Additional Resource

Relief Society General President Supports Nutrition Program Expansion

The general president of the Relief Society of The Church of Jesus Christ of Latter-day Saints wants to see a pilot nutrition program started in the Philippines a year ago expanded to other countries.


“Since returning, I have been thinking about how we can expand this opportunity to others in the world,” said Sister Jean B. Bingham, who visited the community of Catarman, located in the province of Northern Samar, in early February. “There are other areas in the world that have a similar problem.”

Latter-day Saint families in seven stakes or congregations participated in a pilot program initiated at the local level to improve the nutrition of their children.

During her visit, she also traveled to Toledo City in the Cebu province to observe children being screened for malnutrition at a local meetinghouse.

“Some of the adults didn't think that there was going to be a problem with their children,” said Sister Bingham, the leader of the women’s organization of the Church, which was formed 178 years ago this month.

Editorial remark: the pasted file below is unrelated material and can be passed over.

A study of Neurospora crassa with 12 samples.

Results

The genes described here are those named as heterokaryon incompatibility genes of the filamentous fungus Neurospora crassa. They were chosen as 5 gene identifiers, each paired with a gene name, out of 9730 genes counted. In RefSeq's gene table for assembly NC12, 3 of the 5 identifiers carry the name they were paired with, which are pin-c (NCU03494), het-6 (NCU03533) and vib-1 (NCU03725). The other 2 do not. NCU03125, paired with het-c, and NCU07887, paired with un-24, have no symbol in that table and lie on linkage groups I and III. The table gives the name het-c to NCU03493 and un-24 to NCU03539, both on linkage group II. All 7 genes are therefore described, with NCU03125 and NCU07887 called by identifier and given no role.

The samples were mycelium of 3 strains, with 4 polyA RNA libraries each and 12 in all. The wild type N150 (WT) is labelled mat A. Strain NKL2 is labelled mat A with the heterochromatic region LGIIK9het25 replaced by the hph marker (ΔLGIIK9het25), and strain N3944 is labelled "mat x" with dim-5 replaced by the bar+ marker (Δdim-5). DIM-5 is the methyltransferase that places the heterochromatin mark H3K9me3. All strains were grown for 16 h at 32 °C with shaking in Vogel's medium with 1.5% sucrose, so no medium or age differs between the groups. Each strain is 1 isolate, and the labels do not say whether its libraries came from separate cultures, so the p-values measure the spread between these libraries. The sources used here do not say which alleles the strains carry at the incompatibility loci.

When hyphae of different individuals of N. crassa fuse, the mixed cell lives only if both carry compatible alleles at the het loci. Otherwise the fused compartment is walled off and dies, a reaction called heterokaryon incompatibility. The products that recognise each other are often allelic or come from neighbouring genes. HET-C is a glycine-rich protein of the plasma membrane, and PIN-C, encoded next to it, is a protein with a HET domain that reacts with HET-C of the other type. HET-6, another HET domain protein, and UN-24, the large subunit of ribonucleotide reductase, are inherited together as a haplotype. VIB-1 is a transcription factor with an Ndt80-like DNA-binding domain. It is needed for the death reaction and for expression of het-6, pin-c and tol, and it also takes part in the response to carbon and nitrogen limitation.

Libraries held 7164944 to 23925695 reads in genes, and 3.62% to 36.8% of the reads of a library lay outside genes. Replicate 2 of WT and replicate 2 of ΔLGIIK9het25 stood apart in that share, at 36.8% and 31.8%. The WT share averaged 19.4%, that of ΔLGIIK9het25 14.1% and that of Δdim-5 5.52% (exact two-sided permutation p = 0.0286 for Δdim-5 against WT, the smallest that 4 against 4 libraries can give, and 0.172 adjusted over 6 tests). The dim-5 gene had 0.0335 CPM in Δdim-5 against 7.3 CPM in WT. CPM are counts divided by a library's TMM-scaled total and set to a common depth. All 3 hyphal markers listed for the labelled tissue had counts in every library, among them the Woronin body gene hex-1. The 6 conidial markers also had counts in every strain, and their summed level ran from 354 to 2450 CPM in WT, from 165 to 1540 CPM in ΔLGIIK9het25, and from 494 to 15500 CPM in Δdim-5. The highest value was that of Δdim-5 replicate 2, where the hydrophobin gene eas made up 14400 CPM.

“It was very interesting for them to find out that in fact, the children can be not hungry, but they're missing the nutrients,” she said.

Sister Bingham continued, “If the children do not receive appropriate nutrition by the time they're five, not only are they smaller in physical stature, but their brains are stunted and so for the rest of their life. They're limited in their cognitive abilities and their thinking abilities, and they can't be as successful in school.”

Rice and bread are common staples in Filipino diets, but some families were missing fresh fruits and vegetables on their menus.

Sister Bingham said each congregation formed a nutrition council to administer the program.

“Every area had someone with medical backgrounds,” she said. “Some people had nutrition, some people had connections with the government, so they knew of programs that could help them and they could access. They came together with those resources as people counseling together, and they created a program that worked for them individually.”

Latter-day Saint Charities, the humanitarian arm of the Church, provided the scales and other equipment to measure and weigh the children.

“One of the beautiful things was how the local leaders used ministering as a wonderful way to meet the needs of these families,” she explained. “Those wonderful ministering sisters and brothers had reached out consistently in love, which is a true way of ministering; they were really the embodiment of what we want our members throughout the world to feel when they minister to one another.”

“If we can help parents, mothers, children, overcome this challenge, then they can . . . have a better life,” said Sister Bingham.  

Style Guide Note:When reporting about The Church of Jesus Christ of Latter-day Saints, please use the complete name of the Church in the first reference. For more information on the use of the name of the Church, go to our online Style Guide.